Kamurocho has seen better days. This pleasure district was once a place where yakuza could relax and enjoy the simple pleasure of clobbering each other in the streets. Alas, those days are over. A zombie outbreak has shifted the focus of life in Kamurocho from brawling with the living to killing the undead. Unfortunately, the heroes and villains of earlier Yakuza games who take center stage in Yakuza: Dead Souls don't bring the same level of panache to gunning down zombies that they do to punching street toughs. It's initially entertaining to see Kamurocho turned upside down by this new crisis and watch these familiar characters facing an unfamiliar threat, but battling these zombies is a tiresome and frustrating process, and the series' signature charm is in short supply.
6367124If you're in the mood to kill a few thousand zombies, Yakuza: Dead Souls has you covered.None
Don't let the fact that the box art displays four gun-toting heroes fool you; this is not a -style multiplayer zombie shooter. Dead Souls is a single-player, third-person game with a story that leaps from one familiar Yakuza character to another to another. You start out playing as Shun Akiyama, the fascinating moneylender who made his debut in . But as pleasant as it is to see this likable character again, the narrative gives you too little time to appreciate his confident swagger.
It doesn't take long for all hell to break loose and Kamurocho to find itself swarming with zombies, and once that happens, the story becomes a cursory backdrop against which the slaughter of the undead takes place. It has its moments; the unbalanced way in which playable character Goro Majima actually relishes the outbreak for the sporting pleasure of killing zombies is unforgettable, and it all builds up to an outrageous finale in which series lead Kazuma Kiryu confronts a massive monstrosity and shares important life lessons. But these instances are few and far between, and on the whole, the story doesn't deliver the intensity and insanity that have helped make prior Yakuza games so memorable.
Even playing as a guy with a Gatling gun for an arm isn't awesome enough to redeem this combat.
This might be OK if the new brand of combat Dead Souls introduces picked up the slack, but it doesn't. As the four heroes of Dead Souls, you must fight your way through the streets of Kamurocho, and although the Yakuza games have always been about brawling, here, it's almost entirely about gunplay. You run around in third person, blasting zombies out of your way to clear your path from point A to point B or eliminating all the zombies in an area to fulfill an objective. You can do this with pistols, submachine guns, rifles, and Gatling guns; when you're playing as Ryuji Goda, your robotic right arm can transform into one of these massive weapons.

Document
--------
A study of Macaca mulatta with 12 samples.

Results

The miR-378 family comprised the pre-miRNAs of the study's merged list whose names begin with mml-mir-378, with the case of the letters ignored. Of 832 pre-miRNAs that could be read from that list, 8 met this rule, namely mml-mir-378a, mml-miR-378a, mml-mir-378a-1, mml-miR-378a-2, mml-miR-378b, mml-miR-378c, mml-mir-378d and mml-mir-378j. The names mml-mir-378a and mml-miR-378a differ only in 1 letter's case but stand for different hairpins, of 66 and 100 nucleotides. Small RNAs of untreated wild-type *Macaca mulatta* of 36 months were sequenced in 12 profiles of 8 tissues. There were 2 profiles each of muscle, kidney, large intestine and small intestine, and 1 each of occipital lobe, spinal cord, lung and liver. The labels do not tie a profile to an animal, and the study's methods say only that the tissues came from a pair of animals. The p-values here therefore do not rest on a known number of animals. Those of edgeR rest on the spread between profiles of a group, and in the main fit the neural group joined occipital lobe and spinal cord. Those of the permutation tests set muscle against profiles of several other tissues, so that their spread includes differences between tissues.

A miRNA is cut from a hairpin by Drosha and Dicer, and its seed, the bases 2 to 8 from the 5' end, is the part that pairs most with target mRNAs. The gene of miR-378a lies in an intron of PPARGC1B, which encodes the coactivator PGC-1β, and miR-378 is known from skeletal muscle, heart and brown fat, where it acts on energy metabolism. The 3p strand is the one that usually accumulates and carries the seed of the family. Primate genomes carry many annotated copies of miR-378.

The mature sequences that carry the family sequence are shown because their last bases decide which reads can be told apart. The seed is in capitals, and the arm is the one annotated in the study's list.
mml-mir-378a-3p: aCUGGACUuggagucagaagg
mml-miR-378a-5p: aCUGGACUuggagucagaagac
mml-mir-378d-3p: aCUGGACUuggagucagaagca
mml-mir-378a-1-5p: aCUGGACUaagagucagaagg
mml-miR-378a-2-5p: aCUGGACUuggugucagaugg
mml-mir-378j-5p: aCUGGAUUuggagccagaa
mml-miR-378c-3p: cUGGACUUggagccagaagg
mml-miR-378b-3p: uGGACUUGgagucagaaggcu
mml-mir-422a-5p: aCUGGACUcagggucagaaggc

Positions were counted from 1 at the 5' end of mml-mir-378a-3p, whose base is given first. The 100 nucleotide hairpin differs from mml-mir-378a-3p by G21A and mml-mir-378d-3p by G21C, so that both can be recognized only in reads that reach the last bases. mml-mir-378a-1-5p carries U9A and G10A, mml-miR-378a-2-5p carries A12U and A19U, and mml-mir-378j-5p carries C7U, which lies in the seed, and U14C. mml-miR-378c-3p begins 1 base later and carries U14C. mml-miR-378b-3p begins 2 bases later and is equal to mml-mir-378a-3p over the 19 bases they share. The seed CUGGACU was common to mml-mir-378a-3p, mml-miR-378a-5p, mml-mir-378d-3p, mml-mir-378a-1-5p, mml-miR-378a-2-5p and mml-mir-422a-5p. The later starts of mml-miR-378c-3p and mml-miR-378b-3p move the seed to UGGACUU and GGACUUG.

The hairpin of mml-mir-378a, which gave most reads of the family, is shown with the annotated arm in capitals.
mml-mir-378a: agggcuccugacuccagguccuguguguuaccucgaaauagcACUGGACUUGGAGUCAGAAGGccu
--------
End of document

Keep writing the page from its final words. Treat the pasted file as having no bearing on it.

Most zombies are easily put down, but they have strength in numbers, and you frequently find yourself being knocked down by their attacks. Every time this happens, you need to mash X for a moment to get back up on your feet, and getting stuck in a loop of standing up only to promptly be knocked down again is enough to make you throw up your arms in frustration and consider letting the zombies win. To make matters worse, being mobbed by zombies often carries with it the unpleasant side effect of a stuttering frame rate.
If there's one thing we can all learn from the yakuza lifestyle, it's that you can never have too many energy drinks.
Even when it's not being so irritating, the combat is too basic to be enjoyable. When you're fortunate enough to have ammo for a gun that shoots continuously, simply holding down the fire button as you run up to zombies gets the job done with minimal effort on your part. You can stand still and switch to first-person view to target enemies' heads for more efficient kills, but it's rarely worth your time to do so. Despite spots scattered around Kamurocho where you can stock up on ammo and other supplies, at times you may find yourself needing to rely on your pistols to put zombies down. These pistols have infinite ammo, but each bullet needs to be fired individually, so combat becomes a tedious matter of pressing the fire button again and again.